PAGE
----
SR eyes Rs.500 Cr from Automotive sector in 10 years; Signs MoUs with Ports to bring down cost for export of Cars

Cost, time are crucial to make railways viable to carry automotive, say experts

Indian Railways Automotive BizFor the first time in the country, a division of Indian Railways has introduced an ‘Auto Vision’ document. In its road map unveiled on Tuesday, the Southern Railway — which caters to the Chennai automobile cluster — has set a target of generating a revenue of at least Rs 500 crore in the auto segment in 10 years time. This entails growing revenue at a compounded annual growth rate of 30 per cent.

The vision document, released by Vashishta Johri, general manager, Southern Railway, seeks to enhance its share in exports and coastal roll-on/roll-off segment to 90 per cent, accruing a revenue of Rs 90 crore.

The division also seeks to take the rail share to 50 per cent in the container-based export market, generating annual revenue of Rs 60 crore. It will run two parcel express trains per day for maintenance spares and supplementary goods to leverage on the warehousing business. It eyes Rs 150 crore from this business.

However, higher freight costs deter auto industry players from using trains for transporting goods. V Anand, manager, Hyundai Motor India, which sends six per cent of its traffic through trains, says that cost is a major challenge.

Ajeet Saxena, Chief Commercial Manager of Southern Railway, said the division would bring down the cost to attract automotive cargoes. For example, it currently costs around Rs 1,500 to send a car by train, while it takes only Rs 1,000 via road. To bring down costs, the Southern Railway has signed pacts with Chennai and Kamarajar Ports. According to officials, these ports have agreed to bring down the cost in wharfage and handling charges, which will bring the cost considerably.

The limited availability of rakes and slow speed are some of the key reasons that have restricted the growth of freight movement through railway.

Last week, Southern Railway came out with a Vision Document which set a target of Rs 500-crore revenues over the next 10 years from the automotive sector. The first of its kind document has come out with various initiatives and schemes. But with the huge gap between road and train freight rates, lack of infrastructure, lack of rakes, the question is whether it is achievable?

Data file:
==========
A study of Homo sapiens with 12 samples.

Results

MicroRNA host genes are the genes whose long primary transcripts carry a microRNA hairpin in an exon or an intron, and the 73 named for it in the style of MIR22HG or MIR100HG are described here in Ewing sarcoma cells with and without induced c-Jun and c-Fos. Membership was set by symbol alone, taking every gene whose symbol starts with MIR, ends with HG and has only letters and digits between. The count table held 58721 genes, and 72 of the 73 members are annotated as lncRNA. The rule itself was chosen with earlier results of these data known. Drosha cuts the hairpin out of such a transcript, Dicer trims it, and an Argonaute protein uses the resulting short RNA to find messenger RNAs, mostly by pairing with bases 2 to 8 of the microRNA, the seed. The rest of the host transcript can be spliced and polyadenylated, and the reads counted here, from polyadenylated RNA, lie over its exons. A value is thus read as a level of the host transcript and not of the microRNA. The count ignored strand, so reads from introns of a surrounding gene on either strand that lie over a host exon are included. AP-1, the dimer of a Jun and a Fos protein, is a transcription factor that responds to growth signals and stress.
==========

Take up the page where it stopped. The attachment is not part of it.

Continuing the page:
Ajeet Saxena, chief commercial officer, Southern Railway, said the Division is working on bringing down costs to attract automotive cargoes.

Currently, to send a car by truck it costs around Rs 1000 per car, by train it will go up to Rs 1500 a car. Southern Railway has signed MoUs with Chennai and Kamarajar Ports to bring down costs. The Division claims this is a first of its kind in the country.

Without getting into any specifics, officials said ports have agreed to bring down the cost in wharfage and handling charges which will bring the cost close to road transport.

The official said they have also written to the Railway Board to reduce freight to become more competitive.

V Anand, Manager, Hyundai Motor India, which sends 6% of its traffic through trains, said that in India there are three major auto clusters including Northern – Delhi, Guragon and Faridabad; Western – Mumbai, Pune, Nasik, Aurangabad and Sanand and Southern cluster consists of Chennai, Hosur and Bangalore.

The South has got huge potential, considering major OEMs have their manufacturing base there. Today, sending the produced from South to West is not feasible.

For instance, the road freight from Chennai to Pune is around Rs 7,000 (door to door), where as total rail freight comes to Rs 11,700, nearly 67% higher. For Mumbai, while road freight is around Rs 9,500, by train it is nearly 38% more. To Sanand, road freight is about Rs 12,500, while by rail it is Rs 15,256, higher by 22%.

Cost is a major challenge. Additionally, there is also lack of dedicated freight corridors, absence of loading and unloading infrastructure, absence of connectivity to manufacturing clusters, complicated structure of freight rates without alignment to market dynamics and fuel price.

The limited availability of rakes and slow speed are some of the key reasons that have restricted growth of freight movement through railways. Also, private auto terminals are too expensive under the auto hub policy.

Ashish Bhat, general manager (operations), APL Logistics, which is one of the two companies that are operating dedicated trains to cater to the automobile industry said that rail coefficient is 70% in the US, 35% in Europe, while in India it is only 3.1%.

Automobile distribution across India cannot be met by road alone.

For OEMs, number one is cost, quality and delivery.

Today, transporting through trains is costlier. The other major issue is transit time. By truck, it takes around 96 hours from Chennai to Delhi, whereas by train it is 100-120 hours.

Besides, there is a penalty of minimum Rs 150 per day of late delivery per vehicle. There are 20 additional activities if a vehicle is transported through rail.